By: Bob Scherer
Posted: August 31, 2011, from the September 2011 issue of GCI Magazine.
Nivea Extends Success to Execution of Gift Sets
page 2 of 3This aligns well with the brand strategy that builds on the solid heritage of the hand and body products under the Nivea umbrella, according to Arena. “Gift sets are a great way for us to tap into the success of our flagship product while prompting trial of our newer categories that we’re just beginning to develop.”
Offering a supply chain perspective, Janet Lyngdal, marketing procurement manager, Beiersdorf Inc, says, “Particularly on the women’s sets, we could see how disjointed everything was last year and how much trouble it caused the supply chain having different-sized sets, so our objective was to make common-sized sets to cut down on the logistical cost, the pack-out cost, and ultimately the purchasing cost in final production.”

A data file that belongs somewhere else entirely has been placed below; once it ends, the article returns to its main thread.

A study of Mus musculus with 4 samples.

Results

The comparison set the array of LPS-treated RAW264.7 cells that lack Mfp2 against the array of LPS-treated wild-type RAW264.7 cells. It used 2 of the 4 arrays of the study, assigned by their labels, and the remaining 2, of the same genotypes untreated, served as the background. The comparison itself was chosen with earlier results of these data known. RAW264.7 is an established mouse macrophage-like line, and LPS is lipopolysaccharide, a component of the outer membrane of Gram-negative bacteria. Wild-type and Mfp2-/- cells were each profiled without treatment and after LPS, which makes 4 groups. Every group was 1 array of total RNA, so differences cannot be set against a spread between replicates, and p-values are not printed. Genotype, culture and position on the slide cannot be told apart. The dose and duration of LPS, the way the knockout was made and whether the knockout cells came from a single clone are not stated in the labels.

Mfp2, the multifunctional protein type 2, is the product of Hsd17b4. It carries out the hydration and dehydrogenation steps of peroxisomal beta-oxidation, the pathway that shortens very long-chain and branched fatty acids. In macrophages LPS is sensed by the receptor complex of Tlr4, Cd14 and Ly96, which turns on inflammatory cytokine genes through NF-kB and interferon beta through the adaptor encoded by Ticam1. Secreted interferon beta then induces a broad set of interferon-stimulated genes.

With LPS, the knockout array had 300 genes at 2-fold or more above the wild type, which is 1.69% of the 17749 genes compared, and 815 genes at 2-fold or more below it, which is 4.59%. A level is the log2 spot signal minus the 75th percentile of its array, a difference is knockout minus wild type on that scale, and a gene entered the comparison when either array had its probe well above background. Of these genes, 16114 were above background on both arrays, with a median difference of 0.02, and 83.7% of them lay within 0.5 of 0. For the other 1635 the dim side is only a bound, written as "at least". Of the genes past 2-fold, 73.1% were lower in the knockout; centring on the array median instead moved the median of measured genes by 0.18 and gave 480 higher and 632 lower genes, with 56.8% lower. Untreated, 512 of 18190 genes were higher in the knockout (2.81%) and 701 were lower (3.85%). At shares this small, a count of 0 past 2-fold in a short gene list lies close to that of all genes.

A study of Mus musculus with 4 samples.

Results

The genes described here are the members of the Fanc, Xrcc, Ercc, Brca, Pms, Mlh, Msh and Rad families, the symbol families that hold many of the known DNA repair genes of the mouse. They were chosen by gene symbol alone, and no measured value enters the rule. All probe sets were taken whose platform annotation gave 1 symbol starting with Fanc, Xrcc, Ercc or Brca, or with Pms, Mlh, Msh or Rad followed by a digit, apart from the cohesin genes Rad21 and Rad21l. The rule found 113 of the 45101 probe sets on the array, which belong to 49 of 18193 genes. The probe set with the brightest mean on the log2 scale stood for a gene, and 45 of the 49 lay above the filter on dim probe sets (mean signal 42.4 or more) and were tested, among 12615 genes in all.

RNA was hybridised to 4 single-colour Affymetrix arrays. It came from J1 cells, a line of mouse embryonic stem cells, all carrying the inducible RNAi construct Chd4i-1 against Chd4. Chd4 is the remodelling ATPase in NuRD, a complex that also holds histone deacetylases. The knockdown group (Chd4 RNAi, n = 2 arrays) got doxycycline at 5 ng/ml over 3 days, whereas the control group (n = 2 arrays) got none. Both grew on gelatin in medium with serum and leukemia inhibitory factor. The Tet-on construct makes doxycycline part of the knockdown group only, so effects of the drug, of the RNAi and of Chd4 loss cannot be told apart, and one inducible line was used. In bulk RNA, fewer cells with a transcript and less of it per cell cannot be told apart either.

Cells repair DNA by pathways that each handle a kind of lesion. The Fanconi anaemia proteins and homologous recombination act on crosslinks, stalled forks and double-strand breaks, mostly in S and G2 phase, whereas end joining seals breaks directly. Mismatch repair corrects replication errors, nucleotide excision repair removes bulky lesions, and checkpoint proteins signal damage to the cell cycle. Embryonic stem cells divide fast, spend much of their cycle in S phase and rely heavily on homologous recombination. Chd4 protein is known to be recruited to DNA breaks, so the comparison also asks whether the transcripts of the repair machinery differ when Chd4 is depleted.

Retail-driven Sales Samples and Packaging
Lyngdal had worked with CL&D Digital on the 2010 gift collection sales samples to secure retail shelf space before full-run production (Beiersdorf typically uses digital printing for packaging samples of 100 or less pieces). She shares that another lesson learned and carried over to 2011 was that the weight of the 2010 collection boxes wouldn’t allow the sets to be filled with full product, since digital presses can print up to 18-point boards and the Nivea kits requires 24-point in order to hold the weight of full-size products.
“Retailers wanted to feel the full weight and worth—the real value of the kit,” she elaborates. The company worked again with CL&D in 2011 for its small run, direct-to-plate offset printing capability—where many print providers are limited to large production-run size quantities.
Savvy digital printers understand that digital printing is not a one-size-fits-all solution. They know that clients that can’t go digital due to package size, volume constraints or other requirements will still enjoy a streamlined process—the ability to handle smaller runs with quick-turns—when the project must go on another press. Since brands must be more and more responsive to retailer demands, including higher expectations in the appearance of “shelf like” sample packaging, digital printers must also be flexible in adapting to those needs.